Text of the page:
North Carolina AD on academic fraud case: It was bad, but wasn't against the rules
The NCAA investigation into the school has stretched out over six years
In an exclusive interview with CBS Sports' Dennis Dodd, University of North Carolina Athletic Director Bubba Cunningham opened up about the ongoing NCAA investigation into the school's academic fraud case and revealed that he believed the school may have been "overcharged" by the association.
The investigation into the school, which has now lasted six years, began when a faulty transcript in another case revealed what appeared to be a trail of bogus classes stretching back 18 years. It's an unprecedented case that has been in the hands of the NCAA for an unusually long time. It's also a case that, according to Dodd's report, involved 3,100 students in those classes -- about half of which were student-athletes. So it's an unusually long investigation for an equally unusual case.
North Carolina has been charged by the NCAA with unethical conduct, lack of institutional control, and extra benefits provided by a perpetrator of a bogus class scheme.
UNC received its third notice of allegations in December -- its second amended notice -- which was given out after the school challenged the NCAA's authority in the case.
For Cunningham, the worry is that the history of handing down harsh punishments in scandals such as Penn State, USC and Miami, will again draw "an overreach" by the NCAA. He is hoping the association will come down with less crippling results.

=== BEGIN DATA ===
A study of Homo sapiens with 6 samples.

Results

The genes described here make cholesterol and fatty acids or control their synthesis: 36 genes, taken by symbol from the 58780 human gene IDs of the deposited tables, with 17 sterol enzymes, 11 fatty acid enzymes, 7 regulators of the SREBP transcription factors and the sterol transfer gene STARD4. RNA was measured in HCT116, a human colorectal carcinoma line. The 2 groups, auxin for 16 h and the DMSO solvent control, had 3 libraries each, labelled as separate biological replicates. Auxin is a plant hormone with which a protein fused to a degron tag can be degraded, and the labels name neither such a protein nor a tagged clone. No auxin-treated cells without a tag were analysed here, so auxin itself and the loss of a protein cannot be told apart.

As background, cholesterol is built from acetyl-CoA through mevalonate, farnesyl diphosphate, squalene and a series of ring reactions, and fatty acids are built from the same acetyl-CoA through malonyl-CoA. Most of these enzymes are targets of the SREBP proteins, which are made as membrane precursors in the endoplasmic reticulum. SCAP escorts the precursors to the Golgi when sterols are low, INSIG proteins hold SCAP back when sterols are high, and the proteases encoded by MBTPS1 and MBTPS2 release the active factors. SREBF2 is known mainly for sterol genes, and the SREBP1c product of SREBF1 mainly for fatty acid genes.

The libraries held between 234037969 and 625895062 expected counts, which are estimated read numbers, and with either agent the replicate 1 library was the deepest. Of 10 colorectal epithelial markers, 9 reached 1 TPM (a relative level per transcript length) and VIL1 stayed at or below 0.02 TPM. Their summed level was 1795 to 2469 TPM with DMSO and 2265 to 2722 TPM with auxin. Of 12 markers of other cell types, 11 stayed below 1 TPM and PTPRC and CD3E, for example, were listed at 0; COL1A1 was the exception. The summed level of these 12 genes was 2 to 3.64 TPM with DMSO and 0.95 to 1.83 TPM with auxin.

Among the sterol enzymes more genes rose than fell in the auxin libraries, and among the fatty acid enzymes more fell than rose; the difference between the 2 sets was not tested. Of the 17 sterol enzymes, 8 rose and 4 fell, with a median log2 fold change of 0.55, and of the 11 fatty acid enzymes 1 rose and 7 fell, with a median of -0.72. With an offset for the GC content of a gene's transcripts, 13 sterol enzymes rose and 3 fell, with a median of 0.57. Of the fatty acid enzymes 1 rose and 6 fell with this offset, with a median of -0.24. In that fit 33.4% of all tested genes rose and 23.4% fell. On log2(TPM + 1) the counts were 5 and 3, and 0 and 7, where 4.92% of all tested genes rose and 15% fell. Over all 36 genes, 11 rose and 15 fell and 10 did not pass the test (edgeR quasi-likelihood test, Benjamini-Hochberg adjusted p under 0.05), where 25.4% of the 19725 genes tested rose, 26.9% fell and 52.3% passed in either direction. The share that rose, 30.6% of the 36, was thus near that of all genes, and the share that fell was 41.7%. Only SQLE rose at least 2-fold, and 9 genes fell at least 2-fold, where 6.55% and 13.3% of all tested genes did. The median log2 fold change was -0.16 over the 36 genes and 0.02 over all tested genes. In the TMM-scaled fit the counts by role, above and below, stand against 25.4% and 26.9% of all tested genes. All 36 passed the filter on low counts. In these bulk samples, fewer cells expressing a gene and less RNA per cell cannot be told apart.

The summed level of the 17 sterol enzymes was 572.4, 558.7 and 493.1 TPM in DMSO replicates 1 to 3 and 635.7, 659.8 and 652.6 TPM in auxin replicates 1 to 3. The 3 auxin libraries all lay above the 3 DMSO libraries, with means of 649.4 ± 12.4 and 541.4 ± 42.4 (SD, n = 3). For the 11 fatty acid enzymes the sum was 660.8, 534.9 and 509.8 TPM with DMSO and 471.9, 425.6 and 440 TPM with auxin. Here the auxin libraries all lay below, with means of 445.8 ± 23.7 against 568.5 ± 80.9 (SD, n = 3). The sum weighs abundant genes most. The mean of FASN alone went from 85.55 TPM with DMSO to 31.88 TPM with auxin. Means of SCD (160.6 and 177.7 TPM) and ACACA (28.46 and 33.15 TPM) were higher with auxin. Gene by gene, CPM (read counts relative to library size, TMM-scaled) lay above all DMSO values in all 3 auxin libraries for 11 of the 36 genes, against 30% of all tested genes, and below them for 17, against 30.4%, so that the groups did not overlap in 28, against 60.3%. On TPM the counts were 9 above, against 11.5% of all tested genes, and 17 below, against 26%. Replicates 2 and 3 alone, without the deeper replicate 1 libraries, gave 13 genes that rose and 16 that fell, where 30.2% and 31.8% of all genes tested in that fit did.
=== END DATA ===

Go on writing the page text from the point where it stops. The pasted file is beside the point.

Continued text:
"[Those] are the three cases that we continue to bring back, [saying], 'You're doing it again. Don't do it,'" said Cunningham.
From a basketball perspective, the worry for UNC is simple: The NCAA broadened its investigation into the school to include the years 2002-2011 in its latest NOA. That could mean the 2005 and 2009 basketball National Championships could reasonably be in jeopardy.
Citing sources, Dodd reports that this could mean penalties such as scholarship reductions, postseason bans, or vacated wins could conceivably be in play.
Said Cunningham: "Is this academic fraud? Yes, it is by a normal person's standards. But by the NCAA definition [it is not]. Later adding: "I'm telling you what happened was bad, but it's not against the rules. So you have to change the rules."